De Beers said it earned $540 million from its first global sightholder sales and auction sales for the year compared to $248 million realised during the last sales for 2015.
It said in a statement emailed to Rough & Polished that the improved sales were due to a positive holiday season in the US from a retail perspective, low levels of rough diamond purchases by the midstream in the fourth quarter of 2015.
It also said a consequent reduction in manufacturing saw polished diamond stocks pull through the pipeline, resulting in firmer polished prices.
De Beers said rough diamond demand broadened across the entire product range as cutting and polishing factories began to increase their activity.
“We are encouraged by the result of the first sales cycle of 2016, and will keep working closely with our customers to deliver sustainable improvements in the diamond industry in 2016,” said group chief executive Philippe Mellier.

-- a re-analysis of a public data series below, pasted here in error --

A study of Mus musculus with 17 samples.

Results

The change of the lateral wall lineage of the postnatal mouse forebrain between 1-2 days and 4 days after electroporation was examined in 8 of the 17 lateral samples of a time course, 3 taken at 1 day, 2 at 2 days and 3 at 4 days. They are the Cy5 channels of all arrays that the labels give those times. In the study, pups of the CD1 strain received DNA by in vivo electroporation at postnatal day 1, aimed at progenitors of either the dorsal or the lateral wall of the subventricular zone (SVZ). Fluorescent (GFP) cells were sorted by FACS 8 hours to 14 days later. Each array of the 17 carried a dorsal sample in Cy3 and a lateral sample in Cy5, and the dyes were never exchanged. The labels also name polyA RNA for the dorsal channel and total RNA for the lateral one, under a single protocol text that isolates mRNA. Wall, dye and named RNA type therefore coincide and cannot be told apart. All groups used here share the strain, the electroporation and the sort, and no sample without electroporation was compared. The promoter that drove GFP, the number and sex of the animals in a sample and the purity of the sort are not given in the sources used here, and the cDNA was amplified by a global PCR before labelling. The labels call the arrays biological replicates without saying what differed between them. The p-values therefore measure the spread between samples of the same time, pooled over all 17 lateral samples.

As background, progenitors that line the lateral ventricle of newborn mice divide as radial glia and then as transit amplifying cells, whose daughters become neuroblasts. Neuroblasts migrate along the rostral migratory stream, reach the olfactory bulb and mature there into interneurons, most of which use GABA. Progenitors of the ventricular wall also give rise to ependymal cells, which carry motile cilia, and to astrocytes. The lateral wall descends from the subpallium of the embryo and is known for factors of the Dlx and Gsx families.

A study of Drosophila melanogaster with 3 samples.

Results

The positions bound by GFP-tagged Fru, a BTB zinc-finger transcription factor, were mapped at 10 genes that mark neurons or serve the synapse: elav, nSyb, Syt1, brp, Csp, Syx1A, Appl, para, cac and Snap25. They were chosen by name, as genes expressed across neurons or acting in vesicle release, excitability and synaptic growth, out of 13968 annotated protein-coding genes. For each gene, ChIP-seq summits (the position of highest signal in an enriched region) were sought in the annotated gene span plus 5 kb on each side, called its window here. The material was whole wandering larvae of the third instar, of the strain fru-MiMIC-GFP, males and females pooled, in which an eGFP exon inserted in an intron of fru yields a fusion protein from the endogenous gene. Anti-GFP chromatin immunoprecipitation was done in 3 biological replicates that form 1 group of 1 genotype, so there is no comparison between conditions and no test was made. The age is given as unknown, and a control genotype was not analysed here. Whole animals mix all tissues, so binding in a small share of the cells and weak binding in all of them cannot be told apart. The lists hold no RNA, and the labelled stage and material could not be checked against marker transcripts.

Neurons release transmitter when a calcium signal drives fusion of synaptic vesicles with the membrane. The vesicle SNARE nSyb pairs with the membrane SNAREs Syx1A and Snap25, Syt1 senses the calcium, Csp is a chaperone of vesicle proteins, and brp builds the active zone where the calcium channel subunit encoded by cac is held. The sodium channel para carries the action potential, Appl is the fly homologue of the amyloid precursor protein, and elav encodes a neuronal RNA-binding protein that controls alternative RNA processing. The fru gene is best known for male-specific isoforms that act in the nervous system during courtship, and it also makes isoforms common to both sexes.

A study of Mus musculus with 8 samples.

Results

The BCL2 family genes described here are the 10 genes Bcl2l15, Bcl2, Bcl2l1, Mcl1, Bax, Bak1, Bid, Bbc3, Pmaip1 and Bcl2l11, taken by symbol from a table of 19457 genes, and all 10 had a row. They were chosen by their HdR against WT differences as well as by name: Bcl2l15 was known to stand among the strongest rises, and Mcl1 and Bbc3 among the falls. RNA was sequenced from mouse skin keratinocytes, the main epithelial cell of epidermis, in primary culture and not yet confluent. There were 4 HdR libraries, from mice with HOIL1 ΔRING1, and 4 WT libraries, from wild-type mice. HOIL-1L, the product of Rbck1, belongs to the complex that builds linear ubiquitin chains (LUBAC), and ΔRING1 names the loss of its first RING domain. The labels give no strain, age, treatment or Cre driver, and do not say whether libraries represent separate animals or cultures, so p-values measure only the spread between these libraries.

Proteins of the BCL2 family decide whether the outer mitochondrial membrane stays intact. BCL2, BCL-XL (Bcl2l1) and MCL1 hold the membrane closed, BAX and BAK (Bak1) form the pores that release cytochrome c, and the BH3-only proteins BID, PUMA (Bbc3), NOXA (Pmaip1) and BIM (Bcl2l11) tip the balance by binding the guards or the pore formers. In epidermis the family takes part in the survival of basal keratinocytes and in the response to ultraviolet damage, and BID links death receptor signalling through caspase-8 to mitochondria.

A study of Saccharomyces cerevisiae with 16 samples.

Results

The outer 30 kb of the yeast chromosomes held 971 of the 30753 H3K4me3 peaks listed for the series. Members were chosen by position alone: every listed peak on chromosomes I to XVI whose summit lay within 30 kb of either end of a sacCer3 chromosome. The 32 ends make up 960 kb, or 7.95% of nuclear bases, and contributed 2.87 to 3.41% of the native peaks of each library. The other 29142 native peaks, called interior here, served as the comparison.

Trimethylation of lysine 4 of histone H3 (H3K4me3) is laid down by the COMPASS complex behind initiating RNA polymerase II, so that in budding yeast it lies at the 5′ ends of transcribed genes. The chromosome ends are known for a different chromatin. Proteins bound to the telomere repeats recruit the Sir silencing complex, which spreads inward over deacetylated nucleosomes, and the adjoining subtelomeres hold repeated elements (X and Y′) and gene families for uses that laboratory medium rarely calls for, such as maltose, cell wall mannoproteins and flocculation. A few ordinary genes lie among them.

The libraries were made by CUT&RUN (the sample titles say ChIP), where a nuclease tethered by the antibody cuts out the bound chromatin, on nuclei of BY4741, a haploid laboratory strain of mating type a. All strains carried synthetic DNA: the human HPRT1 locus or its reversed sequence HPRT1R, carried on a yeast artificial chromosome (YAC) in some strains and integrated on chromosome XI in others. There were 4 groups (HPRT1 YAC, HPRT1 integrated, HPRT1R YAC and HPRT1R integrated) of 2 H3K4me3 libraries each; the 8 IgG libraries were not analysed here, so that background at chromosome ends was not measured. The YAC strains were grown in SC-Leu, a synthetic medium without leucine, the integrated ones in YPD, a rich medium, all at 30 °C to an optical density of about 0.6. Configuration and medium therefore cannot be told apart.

The group’s boss said last week that “we may be starting to recover some of the lost momentum”.
He was, however, quick to caution that these initial positive signs must not be viewed as grounds for complacency.
“In fact, this is possibly the most crucial point as we now stand at a crossroads,” said Mellier in Botswana.
“The midstream trading environment remains delicate, the recovery remains a work in progress and our actions in the near future remain crucially important. Just as we have needed to take great care with our actions in response to the recent challenges, we must be equally watchful as things begin to improve,” he said then.
“And while we may have seen a few encouraging signs, if there’s one thing we can be sure of in the year ahead, it’s that we will experience volatility.”